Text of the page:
Those helping Holocaust survivors to be honored

Newly established “Medal of Light” award aims to shed light on those who work to improve lives of Shoah survivors.

Holocaust survivors in Israel_311 (photo credit: Ariel Jerozolimski)
Holocaust survivors in Israel_311
(photo credit: Ariel Jerozolimski)
A new award aimed at honoring those who have worked to help improve the lives of thousands of Holocaust survivors in Israel and highlight the contributions survivors have made to the state will be inaugurated Sunday night in a ceremony in Tel Aviv.
The first “Medal of Light” award, an initiative of The Foundation for the Benefit of Holocaust Survivors in Israel, will pay tribute to some 16 individuals – either survivors who have contributed greatly to society, volunteers working with the survivor community or officials who have gone above and beyond their positions to improve the lives of survivors in Israel.
Among those to receive the prize, which will be awarded by Welfare and Social Services Minister Moshe Kahalon, are the ministry’s director-general Nahum Itzkovitz, Ministerwithout- Portfolio Yossi Peled, author Aharon Applefeld and the founder of the humanitarian aid agency Latet, Gilles Darmon.
“This is the first ceremony of its kind that will honor the outstanding work of Israeli society,” commented the foundation’s CEO Col. (res.) Rony Kalinsky.
“Despite the fact that such recognition did not take place since the creation of the state, we hope this will bring recognition to those who have made outstanding contributions to society.”
Since being appointed director- general of the ministry five years ago, Itzkovitz headed an inter-ministerial committee to find ways to improve the plight of thousands of survivors in Israel and implemented several drastic new measures allowing them to live out their final years in dignity.
The new measures implemented by Itzkovitz include finding funds to increase pensions and other financial benefits for some survivors, increasing support for essential medical supplies and creating an information center to advise survivors about their rights and additional financial benefits.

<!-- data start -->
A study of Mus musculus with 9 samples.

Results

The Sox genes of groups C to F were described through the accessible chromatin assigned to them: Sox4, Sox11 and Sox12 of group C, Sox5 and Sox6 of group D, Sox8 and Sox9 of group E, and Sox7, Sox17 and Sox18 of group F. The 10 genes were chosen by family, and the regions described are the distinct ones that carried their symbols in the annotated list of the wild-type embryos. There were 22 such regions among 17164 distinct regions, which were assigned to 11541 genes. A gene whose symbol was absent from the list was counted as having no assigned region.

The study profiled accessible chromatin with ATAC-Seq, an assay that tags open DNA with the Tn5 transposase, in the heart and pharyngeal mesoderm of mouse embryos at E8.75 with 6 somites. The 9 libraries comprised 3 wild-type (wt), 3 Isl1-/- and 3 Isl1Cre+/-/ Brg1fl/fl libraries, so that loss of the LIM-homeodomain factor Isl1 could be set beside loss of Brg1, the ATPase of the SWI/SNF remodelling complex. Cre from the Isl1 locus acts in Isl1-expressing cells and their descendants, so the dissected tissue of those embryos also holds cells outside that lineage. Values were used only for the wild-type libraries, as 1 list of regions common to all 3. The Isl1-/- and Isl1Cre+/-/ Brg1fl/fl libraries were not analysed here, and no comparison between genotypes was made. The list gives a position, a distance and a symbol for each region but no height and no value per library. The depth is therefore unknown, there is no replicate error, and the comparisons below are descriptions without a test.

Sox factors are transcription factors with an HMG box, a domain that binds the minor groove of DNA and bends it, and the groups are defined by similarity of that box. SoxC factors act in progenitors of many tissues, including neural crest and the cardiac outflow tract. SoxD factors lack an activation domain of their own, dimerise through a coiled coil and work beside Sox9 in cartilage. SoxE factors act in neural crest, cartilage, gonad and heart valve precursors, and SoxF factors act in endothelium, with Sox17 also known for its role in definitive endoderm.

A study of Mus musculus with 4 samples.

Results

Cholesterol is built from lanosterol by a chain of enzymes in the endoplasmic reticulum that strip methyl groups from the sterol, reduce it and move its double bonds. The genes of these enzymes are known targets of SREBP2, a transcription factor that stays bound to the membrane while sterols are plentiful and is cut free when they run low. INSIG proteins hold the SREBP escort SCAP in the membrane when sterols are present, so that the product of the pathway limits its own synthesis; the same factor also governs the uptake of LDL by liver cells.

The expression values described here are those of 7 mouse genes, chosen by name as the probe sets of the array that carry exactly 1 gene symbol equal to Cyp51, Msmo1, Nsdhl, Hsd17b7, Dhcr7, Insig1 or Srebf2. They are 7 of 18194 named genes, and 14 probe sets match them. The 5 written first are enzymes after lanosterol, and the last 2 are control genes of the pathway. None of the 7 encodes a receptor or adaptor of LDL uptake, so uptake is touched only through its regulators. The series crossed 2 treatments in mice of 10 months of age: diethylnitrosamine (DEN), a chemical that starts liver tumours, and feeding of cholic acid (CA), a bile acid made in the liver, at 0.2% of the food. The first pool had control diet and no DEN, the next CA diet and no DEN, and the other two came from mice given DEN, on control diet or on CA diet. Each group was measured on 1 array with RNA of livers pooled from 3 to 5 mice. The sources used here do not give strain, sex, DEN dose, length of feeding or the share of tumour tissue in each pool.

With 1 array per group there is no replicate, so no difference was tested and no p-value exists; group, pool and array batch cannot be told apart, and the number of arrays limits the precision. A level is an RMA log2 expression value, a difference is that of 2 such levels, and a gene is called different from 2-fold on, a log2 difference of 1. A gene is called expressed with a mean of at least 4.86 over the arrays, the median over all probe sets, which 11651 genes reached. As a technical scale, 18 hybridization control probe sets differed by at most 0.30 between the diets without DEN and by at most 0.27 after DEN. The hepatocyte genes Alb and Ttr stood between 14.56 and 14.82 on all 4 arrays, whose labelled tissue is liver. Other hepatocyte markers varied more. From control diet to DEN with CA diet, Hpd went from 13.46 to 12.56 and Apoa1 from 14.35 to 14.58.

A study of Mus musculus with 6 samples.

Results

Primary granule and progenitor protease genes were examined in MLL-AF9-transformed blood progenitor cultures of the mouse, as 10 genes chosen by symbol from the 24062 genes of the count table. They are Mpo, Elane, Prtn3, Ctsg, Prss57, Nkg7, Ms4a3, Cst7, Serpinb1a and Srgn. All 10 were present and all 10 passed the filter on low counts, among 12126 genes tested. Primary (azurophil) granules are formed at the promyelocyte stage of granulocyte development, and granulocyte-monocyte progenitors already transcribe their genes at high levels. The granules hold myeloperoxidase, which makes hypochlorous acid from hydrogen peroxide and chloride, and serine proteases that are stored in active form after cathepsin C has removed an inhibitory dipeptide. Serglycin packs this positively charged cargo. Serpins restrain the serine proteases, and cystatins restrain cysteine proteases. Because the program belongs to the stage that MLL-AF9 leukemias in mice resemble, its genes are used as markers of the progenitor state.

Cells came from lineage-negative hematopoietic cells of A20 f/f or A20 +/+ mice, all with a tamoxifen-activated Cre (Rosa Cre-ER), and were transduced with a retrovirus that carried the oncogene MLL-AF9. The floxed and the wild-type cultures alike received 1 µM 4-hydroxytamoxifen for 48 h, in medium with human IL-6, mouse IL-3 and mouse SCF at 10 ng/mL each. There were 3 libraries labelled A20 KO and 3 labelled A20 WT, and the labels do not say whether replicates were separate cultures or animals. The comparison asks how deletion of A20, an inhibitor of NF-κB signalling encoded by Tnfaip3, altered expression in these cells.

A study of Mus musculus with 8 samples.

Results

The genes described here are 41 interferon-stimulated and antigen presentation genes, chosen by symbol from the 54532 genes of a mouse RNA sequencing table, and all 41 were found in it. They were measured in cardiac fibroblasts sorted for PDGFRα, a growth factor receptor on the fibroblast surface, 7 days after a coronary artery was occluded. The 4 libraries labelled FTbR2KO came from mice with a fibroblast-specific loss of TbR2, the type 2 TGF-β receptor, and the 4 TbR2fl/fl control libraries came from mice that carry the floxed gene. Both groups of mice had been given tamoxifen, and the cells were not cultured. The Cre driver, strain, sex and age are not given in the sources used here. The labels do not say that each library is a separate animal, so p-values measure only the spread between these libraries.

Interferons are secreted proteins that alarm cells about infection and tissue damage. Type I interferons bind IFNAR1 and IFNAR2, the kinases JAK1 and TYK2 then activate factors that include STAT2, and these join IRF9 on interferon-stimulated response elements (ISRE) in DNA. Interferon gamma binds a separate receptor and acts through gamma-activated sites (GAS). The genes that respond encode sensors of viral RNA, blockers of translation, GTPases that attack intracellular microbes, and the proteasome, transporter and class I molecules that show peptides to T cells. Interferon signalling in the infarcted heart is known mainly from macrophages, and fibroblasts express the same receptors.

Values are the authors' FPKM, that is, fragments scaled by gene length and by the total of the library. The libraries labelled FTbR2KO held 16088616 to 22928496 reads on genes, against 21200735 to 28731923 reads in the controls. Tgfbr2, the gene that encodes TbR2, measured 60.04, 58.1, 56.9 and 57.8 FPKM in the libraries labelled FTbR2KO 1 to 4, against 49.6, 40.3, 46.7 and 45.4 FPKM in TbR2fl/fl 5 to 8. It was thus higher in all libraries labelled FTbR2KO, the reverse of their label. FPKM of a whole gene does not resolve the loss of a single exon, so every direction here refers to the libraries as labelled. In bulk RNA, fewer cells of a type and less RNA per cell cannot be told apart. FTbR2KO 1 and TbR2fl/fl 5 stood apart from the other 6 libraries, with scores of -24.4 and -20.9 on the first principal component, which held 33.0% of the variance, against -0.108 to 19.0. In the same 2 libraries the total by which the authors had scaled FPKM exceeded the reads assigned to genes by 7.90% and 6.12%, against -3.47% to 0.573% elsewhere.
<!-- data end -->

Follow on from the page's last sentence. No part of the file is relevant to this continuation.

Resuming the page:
“I am very touched by this award. It is a very good feeling, especially because I am a son of Holocaust survivors and I am happy that I had the chance to help soften some of the suffering that other survivors have gone through in their lives,” Itzkovitz told The Jerusalem Post.
He said that he was honored to have had the chance, through his work, to address the issue of helping survivors and to have increased recognition of other groups of Jews who suffered during the Nazi atrocities.
“I don’t know if I deserve this prize or not, but I guess the committee has decided that I do and even though we have increased the amount of government funds going toward survivors, the needs of the people have grown and we still have to continue fighting to increase the budget even further,” said Itzkovitz, adding, “We have come a long way but we still have a long way to go.”
The foundation’s Kalinsky also said that one of the the aims of the new award was also to raise awareness to the plight of an estimated 207,000 elderly survivors living in Israel, whose living conditions are very bad and whose needs increase as they grow older.
According to the organization, an estimated 50,000 survivors live below the poverty line and close to 35 survivors die each day. Roughly 60 percent of the survivors are immigrants from the former Soviet Union that arrived here during the 1990s and there are still some that are not eligible for certain specific pension funds aimed at helping survivors financially.
Recently, the foundation, which receives 40% of its budget from the Israeli government and the rest from the Conference for Material Claims Against Germany (Claims Conference), announced that its budget no longer covers the growing needs of the aging group. For the first time in its 16-year history, it declared that it would start to seek financial support from Jewish and non-Jewish communities around the world.